Links for urbanists – No. 4

Click to compare Manhattan's Highline before and after it was converted from an elevated rail line to an elevated park. Drag the slider to see more of either (thanks to Per Square Mile)

Assorted links to some of the useful, the informative, the interesting, and sometimes even the slightly weird sources I stumble across from time-to-time:

  1. Ghosts of Manhattan’s Highline (and other traces of the past). Some commentary on historical opposition to elevated rail lines in NY
  2. Some people are very serious about No Far King Par King across their driveways!
  3. A brief economic explanation of peak oil
  4. Some links on the decline in car travel – The end of motoring and The road less travelled
  5. Plea to abolish train zones – from the Dandenong Leader
  6. US rail construction costs compared to some other places
  7. The magic formula for increasing transit ridership – make it hard and make it expensive to use cars
  8. The agglomeration benefits of Britain’s Crossrail project
  9. Loud s*x is a billion dollar problem
  10. Is Charles Darwin the real founder of economics?
  11. Trends in car occupancy in Australia
  12. Life in the fast lane – Melbourne’s laneways
  13. Psychogeography and the end of planning (this is about Reyner Banham and LA)
  14. Cities as hotels – would privately owned cities work?
  15. Understanding liveable city rankings
  16. The Bolt case is actually not the perfect opportunity to argue bravely for freedom of expression. The judgement by Bromberg J, with summary, is here.
  17. Higher density creates jobs and increases productivity. This report in the NY Times is adapted from a chapter in Ryan Avent’s new e-book, The Gated City. Here’s another extract, this time from The Atlantic. You can buy a copy of this excellent book to read on your computer, iPad, iPhone or Kindle for less than $2 from Amazon. I’m reading it on my iPhone in those idle moments (you don’t need a Kindle).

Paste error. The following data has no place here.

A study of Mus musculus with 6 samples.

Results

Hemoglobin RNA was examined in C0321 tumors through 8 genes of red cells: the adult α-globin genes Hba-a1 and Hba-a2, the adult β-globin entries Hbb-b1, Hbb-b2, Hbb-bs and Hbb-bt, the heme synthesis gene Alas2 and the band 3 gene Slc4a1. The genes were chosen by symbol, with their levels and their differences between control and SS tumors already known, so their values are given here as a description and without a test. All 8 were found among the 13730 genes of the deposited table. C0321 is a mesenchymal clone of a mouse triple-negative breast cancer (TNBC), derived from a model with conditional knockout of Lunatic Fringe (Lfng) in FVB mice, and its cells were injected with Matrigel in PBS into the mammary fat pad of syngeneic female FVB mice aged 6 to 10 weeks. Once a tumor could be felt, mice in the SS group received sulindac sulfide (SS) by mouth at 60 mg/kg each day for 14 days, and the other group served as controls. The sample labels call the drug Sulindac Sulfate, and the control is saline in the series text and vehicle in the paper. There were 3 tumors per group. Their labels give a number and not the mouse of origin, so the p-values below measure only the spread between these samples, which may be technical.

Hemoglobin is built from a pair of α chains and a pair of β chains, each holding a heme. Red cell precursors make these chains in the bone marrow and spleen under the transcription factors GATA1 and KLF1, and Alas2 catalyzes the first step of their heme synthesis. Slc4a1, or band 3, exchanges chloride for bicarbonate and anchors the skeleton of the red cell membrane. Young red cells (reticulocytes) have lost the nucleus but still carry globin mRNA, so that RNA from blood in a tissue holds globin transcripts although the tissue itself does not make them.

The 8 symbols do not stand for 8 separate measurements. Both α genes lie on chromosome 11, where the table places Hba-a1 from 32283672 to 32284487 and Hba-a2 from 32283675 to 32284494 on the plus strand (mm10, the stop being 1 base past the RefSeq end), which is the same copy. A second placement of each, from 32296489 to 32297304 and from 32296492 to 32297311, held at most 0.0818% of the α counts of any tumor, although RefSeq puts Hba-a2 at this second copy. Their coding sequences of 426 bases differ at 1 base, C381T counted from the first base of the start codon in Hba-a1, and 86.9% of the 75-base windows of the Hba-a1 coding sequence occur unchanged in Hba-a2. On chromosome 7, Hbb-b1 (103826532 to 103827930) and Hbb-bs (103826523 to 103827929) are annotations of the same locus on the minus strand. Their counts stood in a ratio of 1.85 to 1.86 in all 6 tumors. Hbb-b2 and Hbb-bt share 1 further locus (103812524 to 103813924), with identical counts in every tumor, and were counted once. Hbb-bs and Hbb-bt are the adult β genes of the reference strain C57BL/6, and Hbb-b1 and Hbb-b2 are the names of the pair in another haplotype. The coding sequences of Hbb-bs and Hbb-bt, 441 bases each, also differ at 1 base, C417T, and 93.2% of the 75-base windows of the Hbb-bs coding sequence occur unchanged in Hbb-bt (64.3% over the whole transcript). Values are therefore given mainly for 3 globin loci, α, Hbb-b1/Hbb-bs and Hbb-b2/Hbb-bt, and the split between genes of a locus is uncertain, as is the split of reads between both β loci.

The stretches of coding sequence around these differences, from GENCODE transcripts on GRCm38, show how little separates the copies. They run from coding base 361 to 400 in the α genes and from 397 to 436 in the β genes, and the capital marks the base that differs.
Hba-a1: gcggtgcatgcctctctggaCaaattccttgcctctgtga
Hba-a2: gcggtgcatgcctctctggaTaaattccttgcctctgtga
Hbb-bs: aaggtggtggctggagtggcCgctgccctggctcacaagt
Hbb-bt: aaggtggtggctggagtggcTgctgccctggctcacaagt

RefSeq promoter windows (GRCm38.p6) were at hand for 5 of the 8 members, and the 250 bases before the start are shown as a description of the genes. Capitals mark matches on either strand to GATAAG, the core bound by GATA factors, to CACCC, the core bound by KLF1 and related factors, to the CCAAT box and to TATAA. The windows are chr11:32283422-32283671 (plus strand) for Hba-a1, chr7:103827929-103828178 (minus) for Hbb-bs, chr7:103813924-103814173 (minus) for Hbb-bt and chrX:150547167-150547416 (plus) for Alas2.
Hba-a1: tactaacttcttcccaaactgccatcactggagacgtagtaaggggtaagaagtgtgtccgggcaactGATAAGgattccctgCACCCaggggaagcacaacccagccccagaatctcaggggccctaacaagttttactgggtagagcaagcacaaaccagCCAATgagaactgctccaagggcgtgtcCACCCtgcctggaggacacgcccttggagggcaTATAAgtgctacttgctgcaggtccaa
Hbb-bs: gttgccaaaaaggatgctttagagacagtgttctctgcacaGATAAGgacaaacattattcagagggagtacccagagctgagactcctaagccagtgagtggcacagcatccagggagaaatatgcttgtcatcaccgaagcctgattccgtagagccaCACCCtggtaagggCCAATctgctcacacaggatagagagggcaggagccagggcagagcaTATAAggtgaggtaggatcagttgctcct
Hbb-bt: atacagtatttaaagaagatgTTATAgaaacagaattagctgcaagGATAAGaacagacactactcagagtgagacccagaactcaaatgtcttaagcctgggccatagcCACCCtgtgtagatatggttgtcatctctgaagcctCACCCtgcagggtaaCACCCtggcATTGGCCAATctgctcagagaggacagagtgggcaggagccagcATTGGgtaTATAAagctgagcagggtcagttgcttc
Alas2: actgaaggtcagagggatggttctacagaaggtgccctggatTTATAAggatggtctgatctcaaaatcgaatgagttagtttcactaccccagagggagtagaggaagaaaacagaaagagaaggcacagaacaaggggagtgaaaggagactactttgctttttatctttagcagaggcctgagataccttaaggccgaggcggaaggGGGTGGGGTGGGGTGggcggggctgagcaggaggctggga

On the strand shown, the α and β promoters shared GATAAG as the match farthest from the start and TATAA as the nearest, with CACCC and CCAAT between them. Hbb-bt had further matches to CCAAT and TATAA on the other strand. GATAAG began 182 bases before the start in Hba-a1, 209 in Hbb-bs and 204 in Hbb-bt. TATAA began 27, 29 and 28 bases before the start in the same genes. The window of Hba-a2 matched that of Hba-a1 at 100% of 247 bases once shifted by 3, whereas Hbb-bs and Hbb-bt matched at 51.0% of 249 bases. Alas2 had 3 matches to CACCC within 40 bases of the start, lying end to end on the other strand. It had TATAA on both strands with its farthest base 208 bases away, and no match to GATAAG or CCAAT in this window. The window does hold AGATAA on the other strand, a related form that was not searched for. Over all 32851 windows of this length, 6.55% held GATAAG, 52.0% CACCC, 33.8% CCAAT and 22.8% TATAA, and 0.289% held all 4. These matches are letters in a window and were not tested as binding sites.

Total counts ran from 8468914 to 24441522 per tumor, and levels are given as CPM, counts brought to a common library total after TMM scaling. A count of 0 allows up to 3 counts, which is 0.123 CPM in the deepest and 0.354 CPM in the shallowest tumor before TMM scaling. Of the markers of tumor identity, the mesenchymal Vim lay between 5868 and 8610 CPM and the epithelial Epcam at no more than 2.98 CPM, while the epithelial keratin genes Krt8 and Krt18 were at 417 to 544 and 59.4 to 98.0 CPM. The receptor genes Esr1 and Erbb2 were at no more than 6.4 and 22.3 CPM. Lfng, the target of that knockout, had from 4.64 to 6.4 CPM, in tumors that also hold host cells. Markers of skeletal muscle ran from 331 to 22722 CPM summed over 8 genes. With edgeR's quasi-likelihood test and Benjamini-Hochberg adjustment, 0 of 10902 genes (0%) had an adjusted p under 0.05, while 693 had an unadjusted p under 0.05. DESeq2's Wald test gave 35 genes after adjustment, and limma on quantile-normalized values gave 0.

18. A collection of reviews, comments and reactions to The Gated City, from Alex Tabarrok, Lloyd Alter (and again), Yonah Freemark, Chris Bradford, Peter Gordon, David Levinson, Jim Gleeson, and Randall O’Toole. Some follow-up comments by Ryan Avent: Urbanists and evidence; Jobs and density; Moving towards stagnation (audio); and Expensive real estate drives away people and jobs (video)
  19. Ryan Avent yet again, but this time reviewing the volume that started the intellectual e-book fashion, Tyler Cowen’s The great stagnation (I sought to download it for $4 from Amazon at the start of the year but was refused access – eventually got an ePub, but it was a torrent of trouble. Note that I had no territorial problems with Amazon when I bought The Gated City). Some further analysis by Noah Smith.
  20. Stephen Rowley reports on his visit to the village that inspired the New Urbanism, Seaside, Florida
  21. Architecture for developing countries – leave the ‘design’ attitude at home please
  22. More on the importance of density (or is it city size?) for innovation and productivity
  23. The perils of opening a store in Manhattan. “She also realized too late that people wouldn’t be inclined to buy a dozen Glassybabys, the way they do in Seattle, because they would have to carry them home. “In Seattle, everyone had cars so we never thought about it,” Ms. Rhodes said”

4 Comments on “Links for urbanists – No. 4”

  1. kymbos says:

    Peak travel. Very interesting. Do you buy it, Alan?

    • Alan Davies says:

      I do. The reduction in the rate of growth of kms driven by car in western countries seems incontrovertible. The reasons though are more complex. I’ve looked at this issue before – Why are we driving less? and Why is Gen Y driving less?. There’s a summary here – Are these curves moving for the same reasons?

      I think there are a range of reasons, although the key ones are probably traffic congestion, the fact that the growth of women in the workforce has stabilised, the perception of the car as a commodity rather than a status symbol, and the ‘saturation of travel’ hypothesis. Higher petrol prices, improvements in communications and better public transport are all in there too, but I suspect they’re secondary factors.

  2. Tanya says:

    Great links….love the Per Square Mile pics and can’t help thinking how many elevated freeways have been removed in the US (although I’m sure they still have oodles), as we seem to keep adding more of them here.